I love Spain. Living in Barcelona is the perfect fit for where I am currently in life. Anyone who’s spent their time as a digital nomad or perennial expat will tell you that some countries and cities will suit you if you’re after X, or you’re at Y point in your life.
Of course, how much you feel at ‘home’ somewhere is subjective: my experiences are different from yours, and even different from others walking the same path as me. You need to dive into a place to see whether you want to live there and I firmly recommend trying before you buy: spend at least 3 weeks in a place to really get a feel for it.
With all that being said, I feel like it’s time to compare the lifestyles in two countries that are well-known for their fantastic coastlines: Spain and Australia. Previously, I covered living in Spain vs USA, but personally, I believe this match-up is a little more equal.
Different cities in different countries
Anyone who has traveled around Spain will know that different regions and cities in the country have vastly different personalities and flows to them. The bustling city of Barcelona is very different from the capital of Madrid, the southern beach resort town of Benicàssim is very different from the heavily French-influenced San Sebastian.
Over in Australia, Melbourne presents as Australia’s cosmopolitan city, whereas Western Australia’s capital, Perth, is a sleepy beach-side affair. Smaller towns across different regions of the country are more similar: the Northern Beaches can present much like Margaret River.
If you’re choosing to live in Spain, you will have the ability to travel to vastly different places while still remaining within the country. In Australia, the difference is much less marked.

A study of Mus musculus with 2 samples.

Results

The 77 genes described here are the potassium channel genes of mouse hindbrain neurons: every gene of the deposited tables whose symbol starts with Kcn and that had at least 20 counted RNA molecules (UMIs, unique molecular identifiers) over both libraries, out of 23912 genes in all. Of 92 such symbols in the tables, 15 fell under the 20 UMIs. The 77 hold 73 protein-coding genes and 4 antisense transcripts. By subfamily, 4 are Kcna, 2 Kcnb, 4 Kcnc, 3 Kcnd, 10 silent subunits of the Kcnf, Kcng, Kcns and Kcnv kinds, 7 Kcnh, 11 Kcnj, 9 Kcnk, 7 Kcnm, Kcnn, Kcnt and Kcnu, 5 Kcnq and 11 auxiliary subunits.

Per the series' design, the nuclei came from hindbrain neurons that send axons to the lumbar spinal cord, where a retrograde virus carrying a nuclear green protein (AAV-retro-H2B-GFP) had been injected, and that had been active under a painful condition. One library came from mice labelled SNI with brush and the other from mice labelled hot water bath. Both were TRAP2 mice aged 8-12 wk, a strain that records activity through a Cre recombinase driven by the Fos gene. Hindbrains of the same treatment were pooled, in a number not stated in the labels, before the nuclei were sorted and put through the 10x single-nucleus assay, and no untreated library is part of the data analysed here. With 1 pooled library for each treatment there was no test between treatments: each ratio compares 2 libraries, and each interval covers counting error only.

Cost of living
This one is obviously significant for many people, as your cost of living, especially compared to expected salary, can be the difference between working to live and living to work. If I take a look over at Numbeo, I can compare the average cost of living in Sydney, vs Madrid, the two major cities of each country. For the cost of €4,917.23 in Sydney, I’d have the same sort of experience (including rent) as I would for €3400 in Madrid or Barcelona. In fact, Australia’s cost of living index is the 14th highest in the world – rated 106.9, whereas Spain comes in 32nd place, at 79.5.
While the average wage in Madrid/Barcelona is less than half that of Sydney, if you excel in an in-demand field, or have a business you can move anywhere, this can present significant savings over time.
This is where I think Australia and Spain diverge quite significantly. If you head out after work in Spain, wherever you are, you’ll see people of all ages gathering to eat and drink. Take-out food is popular too but it’s better to gather with others for dinner – you’ll sit down to eat your meal out and about, often with friends or family. In Australia, this really only applies to those with a disposable income: higher-income, childless people in their 20s and 30s. This skews the dynamic and means that Australians perhaps are more insular, staying at home more often than in Spain.
This works well in Australia if you’re a bit of a homebody or like to work on personal projects – or are part of the ‘going out’ demographic. If you’re a highly social being, then Spain might be more your speed.
Other cultural differences include the major sports followed (football for Spain and Australian Rules Football for Australia, respectively) and the betting culture. Where Spanish people love betting on sports, most Australians love things called pokies – known elsewhere as slots machines.
Differences in schedule
Over in Australia, 9-5 is very much a time-honored tradition, with the majority of workers clocking in and out at these hours, and dinnertime at around 7 for most people. In Spain, however, you’ll have a large break in the day, from around 1.30pm until 5 for a meal and rest, with work then resuming until 8pm or so. Even if you aren’t hitting the office, you’ll find many businesses closed between these hours.
Which is better?
There is no ‘better’ place to live between Spain and Australia. What it comes down to is your personality, your feelings towards a place, and your budget and worklife. Both Spain and Australia are gorgeous in terms of visual appeal and distance to beaches.
If you’re interested in potentially living in Spain or Australia, then I recommend you spend some time in various locations in both, as well as check out the visa laws for your passport in both Australia and Spain. Living full-time in either country may be unattainable depending on your citizenship or work/study background, so investigate carefully before setting your heart on a final destination.